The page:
SAN ANTONIO – Pop quiz: Does the school curriculum adopted in Texas really wind up in textbooks nationwide? If you answered yes, you might get a failing grade.
As the second-largest purchaser of textbooks behind California, the Lone Star State has historically wielded enormous clout in deciding what material appears in classrooms across the country. That’s why the state school board’s recent decision to adopt new social studies standards was closely watched far beyond Texas.
Critics feared the new, more conservative curriculum in Texas would spread elsewhere. But publishing experts say those concerns are overblown.
“It’s easier nowadays to create one edition for one situation and a different edition for another situation,” said Bob Resnick, founder of Education Market Research, based in New York. “I don’t believe the Texas curriculum will spread anyplace else.”
After months of discussion, the Texas Board of Education last week approved placing greater emphasis on the Judeo-Christian influences of the nation’s Founding Fathers and teaching schoolchildren that the words “separation of church and state” do not appear in the Constitution.
In Washington, Education Secretary Arne Duncan called the process a case of politicians deciding curriculum. California lawmakers went a step further, proposing that education officials there comb through textbooks to ensure that Texas material isn’t twisting the history curriculum.
This year, as states weigh which textbooks to buy, many “are going to be asking whether this was the book that went to Texas,” said Kathy Mickey, an analyst at Simba Information, a market research firm.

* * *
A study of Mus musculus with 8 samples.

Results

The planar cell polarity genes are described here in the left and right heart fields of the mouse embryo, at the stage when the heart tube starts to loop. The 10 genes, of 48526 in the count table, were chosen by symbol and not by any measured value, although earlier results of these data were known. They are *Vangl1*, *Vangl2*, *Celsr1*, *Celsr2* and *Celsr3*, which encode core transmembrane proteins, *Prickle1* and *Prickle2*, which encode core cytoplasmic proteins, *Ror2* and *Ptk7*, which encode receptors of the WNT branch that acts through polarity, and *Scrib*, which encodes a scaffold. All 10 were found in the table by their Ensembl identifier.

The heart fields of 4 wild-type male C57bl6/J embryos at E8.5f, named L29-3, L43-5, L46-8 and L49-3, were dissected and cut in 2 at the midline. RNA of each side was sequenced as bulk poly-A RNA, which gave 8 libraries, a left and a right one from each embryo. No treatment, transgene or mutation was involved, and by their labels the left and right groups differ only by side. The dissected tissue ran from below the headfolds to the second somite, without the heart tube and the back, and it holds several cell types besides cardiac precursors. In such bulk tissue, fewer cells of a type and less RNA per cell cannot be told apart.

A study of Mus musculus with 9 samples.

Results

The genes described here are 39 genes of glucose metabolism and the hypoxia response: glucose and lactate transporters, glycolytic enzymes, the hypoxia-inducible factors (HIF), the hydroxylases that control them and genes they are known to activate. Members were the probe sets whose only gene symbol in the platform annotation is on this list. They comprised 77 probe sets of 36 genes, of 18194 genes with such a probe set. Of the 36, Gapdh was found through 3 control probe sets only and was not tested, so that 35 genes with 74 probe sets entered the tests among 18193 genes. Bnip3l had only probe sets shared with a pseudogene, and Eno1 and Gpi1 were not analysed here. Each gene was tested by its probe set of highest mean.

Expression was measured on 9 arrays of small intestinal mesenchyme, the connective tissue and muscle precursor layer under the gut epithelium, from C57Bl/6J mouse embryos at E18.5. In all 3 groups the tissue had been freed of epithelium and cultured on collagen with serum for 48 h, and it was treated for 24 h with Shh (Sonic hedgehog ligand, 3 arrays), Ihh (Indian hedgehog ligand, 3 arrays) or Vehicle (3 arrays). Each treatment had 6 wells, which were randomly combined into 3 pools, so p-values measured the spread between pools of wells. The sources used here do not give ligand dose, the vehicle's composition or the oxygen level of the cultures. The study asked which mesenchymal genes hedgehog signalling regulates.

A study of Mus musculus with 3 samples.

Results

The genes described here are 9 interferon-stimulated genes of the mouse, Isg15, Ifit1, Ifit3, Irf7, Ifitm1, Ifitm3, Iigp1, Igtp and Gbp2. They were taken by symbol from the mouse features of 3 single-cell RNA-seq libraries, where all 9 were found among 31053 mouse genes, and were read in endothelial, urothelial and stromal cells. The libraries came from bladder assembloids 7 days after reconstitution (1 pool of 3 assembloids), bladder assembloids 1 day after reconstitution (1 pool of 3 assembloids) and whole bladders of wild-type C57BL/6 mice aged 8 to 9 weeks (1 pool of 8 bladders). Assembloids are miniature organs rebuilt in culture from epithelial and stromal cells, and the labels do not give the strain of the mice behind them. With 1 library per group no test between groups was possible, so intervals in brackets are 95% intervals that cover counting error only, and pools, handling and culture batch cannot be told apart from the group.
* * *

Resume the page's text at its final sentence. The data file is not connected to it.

The influence of Texas on the $7 billion U.S. textbook market has steadily weakened.
Technology has made it easier and more affordable for publishers to tailor textbooks to different standards. That’s especially true in the 20 other states like Texas where education boards approve textbooks for statewide use.
Substitutions are an easy fix. And publishers won’t gamble on incorporating one state’s controversial curriculum into a one-size-fits-all product for other markets, said Jay Diskey, executive director of the schools division of the Association of American Publishers.
Diskey’s group is the trade group for Houghton Mifflin Harcourt, McGraw-Hill and Pearson Education Inc., which together publish more than 75 percent of the nation’s K-12 textbooks.
“Why would we walk in with stuff that we know might be rejected and knock us out of a business opportunity?” Diskey said.
Even Idaho, which has just 279,000 students in public schools, can sometimes command changes from publishers as easily as Texas does for its 4.8 million schoolchildren.
“Some publishers have added content to their textbooks or other material to make sure they meet Idaho standards,” said Melissa McGrath, spokeswoman for Idaho’s Department of Education.
Other states aren’t so sure of being beyond Texas’ shadow.
In Washington state, which has about 1 million public school students, a spokesman for the state superintendent of public instruction said some districts may be using Texas textbooks.
The superintendent has noted that if all 50 states were to approve national education standards, appropriate textbooks would be easier to find. Only two states have balked at those standards Alaska and Texas.
As for Texas schools, local districts can choose textbooks that the state board deems “nonconforming,” but those books must still contain at least 50 percent of the adopted curriculum.
The state board has only approved fully conforming books in the last three years.
Associated Press writers Donna Gordon Blankinship in Seattle, Jessie Bonner in Boise, Idaho, and Dorie Turner in Atlanta contributed to this report.